Like walking on stage
Pattern: Enjoyable-Rib Scarf by Anne K.
Yarn: Moda Dea Tweedle Dee (80% acrylic, 16% wool, 4% nylon), colorway Sahara
Needle: U.S. 11 Zephyr acrylic Options 24″ circulars (knit back and forth)
It all started with this yarn.
The news that Coats and Clark was discontinuing their Moda Dea brand yarn was announced on Ravelry, and somebody commented that they would really miss Tweedle Dee, which had been for years their go-to yarn for gift scarves and hats. I looked it up on Ravelry. Super-bulky shaded colorways? I filed the yarn away in my “watch for this one” mental cabinet. Super-bulky yarns have become a bit of an obsession of mine lately. I’ve been craving the giant squishiness of them, dreaming of huge stitched scarves, blankets, cowls, wraps, sweater-coats.
And then one day it happened: Tweedle Dee appeared on Herrschner’s Yarn Sale site … at 75% off. I pounced. I could barely wait to cast on after it arrived. Weeks of knitting Christmas accessories, an endless sock-yarn scarf, even all the worsted-weight stuff was getting to feel too small and confining. I wanted a Big Knit.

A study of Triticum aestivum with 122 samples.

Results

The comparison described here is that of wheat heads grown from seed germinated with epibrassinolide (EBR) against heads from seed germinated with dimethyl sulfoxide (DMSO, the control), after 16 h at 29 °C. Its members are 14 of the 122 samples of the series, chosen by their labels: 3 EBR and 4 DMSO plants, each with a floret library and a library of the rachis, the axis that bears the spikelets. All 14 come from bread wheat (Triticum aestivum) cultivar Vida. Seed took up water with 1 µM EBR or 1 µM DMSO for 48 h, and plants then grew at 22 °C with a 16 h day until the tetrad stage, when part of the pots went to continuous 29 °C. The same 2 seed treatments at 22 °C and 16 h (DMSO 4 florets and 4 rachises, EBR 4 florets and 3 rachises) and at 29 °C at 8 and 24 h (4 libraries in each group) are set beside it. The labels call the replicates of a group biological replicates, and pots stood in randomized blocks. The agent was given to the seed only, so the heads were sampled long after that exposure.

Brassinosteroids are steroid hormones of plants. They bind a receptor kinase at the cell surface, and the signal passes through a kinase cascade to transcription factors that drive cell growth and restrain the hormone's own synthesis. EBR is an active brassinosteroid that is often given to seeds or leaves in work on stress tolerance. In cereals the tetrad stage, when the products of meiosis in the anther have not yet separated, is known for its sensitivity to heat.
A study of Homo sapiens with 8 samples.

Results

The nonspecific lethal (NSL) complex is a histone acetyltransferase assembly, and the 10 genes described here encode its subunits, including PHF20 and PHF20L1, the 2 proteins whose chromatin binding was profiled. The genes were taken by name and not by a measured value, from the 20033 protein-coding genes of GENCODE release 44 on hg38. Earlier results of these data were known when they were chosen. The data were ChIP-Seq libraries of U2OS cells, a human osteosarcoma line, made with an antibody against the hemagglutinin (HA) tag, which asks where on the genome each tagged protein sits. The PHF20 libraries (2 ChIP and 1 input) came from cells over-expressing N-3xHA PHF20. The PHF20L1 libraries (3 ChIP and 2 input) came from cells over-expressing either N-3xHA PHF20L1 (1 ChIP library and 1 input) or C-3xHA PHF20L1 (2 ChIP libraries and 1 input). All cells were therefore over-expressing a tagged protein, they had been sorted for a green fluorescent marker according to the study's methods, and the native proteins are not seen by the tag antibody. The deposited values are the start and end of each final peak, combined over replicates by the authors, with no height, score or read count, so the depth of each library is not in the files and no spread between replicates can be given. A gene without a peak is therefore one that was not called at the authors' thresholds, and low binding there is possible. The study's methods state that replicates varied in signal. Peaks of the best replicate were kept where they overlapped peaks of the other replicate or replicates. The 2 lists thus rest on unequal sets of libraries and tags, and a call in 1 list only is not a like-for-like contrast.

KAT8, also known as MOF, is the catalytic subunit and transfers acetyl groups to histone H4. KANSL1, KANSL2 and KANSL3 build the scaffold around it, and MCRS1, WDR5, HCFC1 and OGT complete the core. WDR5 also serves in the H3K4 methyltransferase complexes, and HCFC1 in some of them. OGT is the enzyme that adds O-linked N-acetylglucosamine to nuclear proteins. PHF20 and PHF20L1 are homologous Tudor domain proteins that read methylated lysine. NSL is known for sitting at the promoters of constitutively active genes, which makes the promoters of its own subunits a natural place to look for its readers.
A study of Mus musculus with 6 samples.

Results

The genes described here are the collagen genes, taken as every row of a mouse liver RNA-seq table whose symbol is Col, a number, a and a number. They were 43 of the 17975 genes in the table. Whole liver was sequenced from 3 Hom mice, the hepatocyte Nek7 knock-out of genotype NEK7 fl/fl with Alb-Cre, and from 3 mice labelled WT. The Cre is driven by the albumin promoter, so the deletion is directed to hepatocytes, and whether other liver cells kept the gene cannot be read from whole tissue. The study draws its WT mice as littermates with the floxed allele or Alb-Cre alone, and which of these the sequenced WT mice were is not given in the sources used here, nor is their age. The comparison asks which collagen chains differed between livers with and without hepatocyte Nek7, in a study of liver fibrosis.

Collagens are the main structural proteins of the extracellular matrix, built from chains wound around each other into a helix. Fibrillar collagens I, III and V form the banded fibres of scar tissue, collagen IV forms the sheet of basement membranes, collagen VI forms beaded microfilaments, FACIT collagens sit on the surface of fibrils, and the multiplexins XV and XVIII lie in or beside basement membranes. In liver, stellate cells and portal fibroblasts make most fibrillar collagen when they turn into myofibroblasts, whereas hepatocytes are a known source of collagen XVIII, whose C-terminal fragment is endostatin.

So I spent way to much time flipping through my Ravelry favorites, looking for the goliath scarf I had envisioned. Truthfully, it was Wenlan Chia’s Wisteria (Rav link) that I craved. But I needed a pattern that I had or could get on short notice, not one in a book I didn’t own. After several false starts in various smooshy ribbing and lacey combinations, I returned to this Red Scarf Project standby. It’s got just the combination of a deep texture and openness that I was looking for. Two days later it was done. One day later it had my very first foray into fringe hanging off the end. Six feet of dangly, lofty, drapey winter high fashion.
I rode a rollercoaster of feelings about this colorway while knitting. Dirty snow? Wet beach? Dust bowl? But eventually I decided that despite its periodic ugliness, I really, really liked it. When I wound the scarf around my neck, it felt exactly like my dream. My affection for it meant that I could give it to its intended recipient — Archer’s third grade teacher, a hip young thing — with a clear conscience. But it also meant that giving it away was harder than the spirit of Christmas would dictate.